I was watching my nine-year-old grandson, Raf, create his own version of a computer game. Amazed at a third grader’s computer skill (which I didn’t have), I exclaimed, “Raf, you are amazing!”
Raf immediately replied, “No. Only God is amazing.”
I was so amazed, oops, thrilled, to hear his comment because it’s the truth. Raf had inadvertently given God the glory he deserves.
[ctt template=”7″ link=”adyKP” via=”no” ]Unfortunately, I think superlative words like awesome and amazing can be overused in general conversation, thus diminishing the power of describing God in ways only he is qualified to claim.[/ctt]
Fortunately, how we describe God never affects who He actually is. That’s great news. But we could wonder if using superlatives for anything could dilute the power of the word,
In their book Burning Hearts: Preaching to the Affections, Josh Moody and Robin Weekes write:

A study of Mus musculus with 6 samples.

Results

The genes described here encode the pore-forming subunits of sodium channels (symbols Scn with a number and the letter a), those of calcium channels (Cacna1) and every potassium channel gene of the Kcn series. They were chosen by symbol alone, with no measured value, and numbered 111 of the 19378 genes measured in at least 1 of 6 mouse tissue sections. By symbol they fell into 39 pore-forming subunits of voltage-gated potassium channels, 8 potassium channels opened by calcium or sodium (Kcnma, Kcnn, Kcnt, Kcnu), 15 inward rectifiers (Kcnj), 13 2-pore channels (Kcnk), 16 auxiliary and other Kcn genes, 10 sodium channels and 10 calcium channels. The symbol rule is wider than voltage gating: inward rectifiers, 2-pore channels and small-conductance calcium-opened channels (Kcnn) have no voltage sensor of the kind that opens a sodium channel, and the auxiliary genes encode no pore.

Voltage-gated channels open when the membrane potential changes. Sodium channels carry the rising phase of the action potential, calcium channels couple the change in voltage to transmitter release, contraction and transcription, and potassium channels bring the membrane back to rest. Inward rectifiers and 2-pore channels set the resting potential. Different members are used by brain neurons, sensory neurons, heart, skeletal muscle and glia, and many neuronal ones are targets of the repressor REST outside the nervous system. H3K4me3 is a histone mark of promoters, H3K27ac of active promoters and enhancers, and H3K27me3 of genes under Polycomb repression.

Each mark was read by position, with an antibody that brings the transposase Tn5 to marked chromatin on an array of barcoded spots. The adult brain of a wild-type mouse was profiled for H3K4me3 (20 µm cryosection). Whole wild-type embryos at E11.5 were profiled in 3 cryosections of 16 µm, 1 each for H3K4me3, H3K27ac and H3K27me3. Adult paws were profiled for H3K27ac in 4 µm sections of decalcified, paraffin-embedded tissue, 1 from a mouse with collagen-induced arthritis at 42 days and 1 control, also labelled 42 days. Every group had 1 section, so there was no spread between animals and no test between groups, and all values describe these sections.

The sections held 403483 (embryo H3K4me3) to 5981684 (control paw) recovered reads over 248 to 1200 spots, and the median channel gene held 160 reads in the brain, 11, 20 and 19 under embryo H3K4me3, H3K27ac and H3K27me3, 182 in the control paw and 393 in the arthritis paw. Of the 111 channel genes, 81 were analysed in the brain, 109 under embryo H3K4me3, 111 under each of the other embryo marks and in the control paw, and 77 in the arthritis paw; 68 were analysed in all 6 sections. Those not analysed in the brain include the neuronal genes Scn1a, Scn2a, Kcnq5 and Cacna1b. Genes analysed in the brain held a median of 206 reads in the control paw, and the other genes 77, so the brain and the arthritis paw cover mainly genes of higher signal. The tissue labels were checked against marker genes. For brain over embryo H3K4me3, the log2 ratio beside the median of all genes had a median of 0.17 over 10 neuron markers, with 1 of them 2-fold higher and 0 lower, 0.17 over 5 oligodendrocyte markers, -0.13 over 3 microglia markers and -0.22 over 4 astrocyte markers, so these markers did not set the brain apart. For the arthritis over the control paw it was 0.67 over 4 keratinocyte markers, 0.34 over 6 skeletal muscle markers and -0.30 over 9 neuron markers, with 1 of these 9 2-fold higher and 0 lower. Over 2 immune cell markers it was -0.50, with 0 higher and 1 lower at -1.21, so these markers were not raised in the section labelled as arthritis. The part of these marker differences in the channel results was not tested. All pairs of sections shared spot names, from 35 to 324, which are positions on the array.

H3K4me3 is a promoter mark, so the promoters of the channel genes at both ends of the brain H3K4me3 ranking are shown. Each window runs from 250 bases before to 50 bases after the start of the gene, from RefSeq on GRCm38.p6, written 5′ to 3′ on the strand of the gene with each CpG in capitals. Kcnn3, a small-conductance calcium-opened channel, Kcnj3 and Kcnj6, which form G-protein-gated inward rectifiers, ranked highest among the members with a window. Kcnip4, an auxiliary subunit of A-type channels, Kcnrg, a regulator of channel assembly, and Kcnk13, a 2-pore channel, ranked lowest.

We live in a time when everything is “great” and “wonderful” and “brilliant.” And yet if we use superlatives to describe the mundane, how do we describe the one who is altogether lovely? So, here’s something we are trying to do: reserve our superlatives for the Savior. That is to keep the utmost language for our utmost Treasure, and to borrow whatever language we can to praise Him who is.
I’ve been trying to do that after hearing a sermon many years ago encouraging the same idea. I had never thought of it before but now there’s a little check in my spirit by the Holy Spirit when I succumb to using a word for the mundane that should only describe God’s character.
How about you?
What is your reaction to thinking superlatives like “awesome” or “amazing” should only be used referring to God? I’d really like to know your thoughts. I wouldn’t doubt that some could think it’s no big deal. And I’d most likely agree with that also. After all, at what point is a word “above” describing a human and only qualified to be used for God?
(This post is adapted from my new book, Pure-Hearted: The Blessings of Living Out God’s Glory.)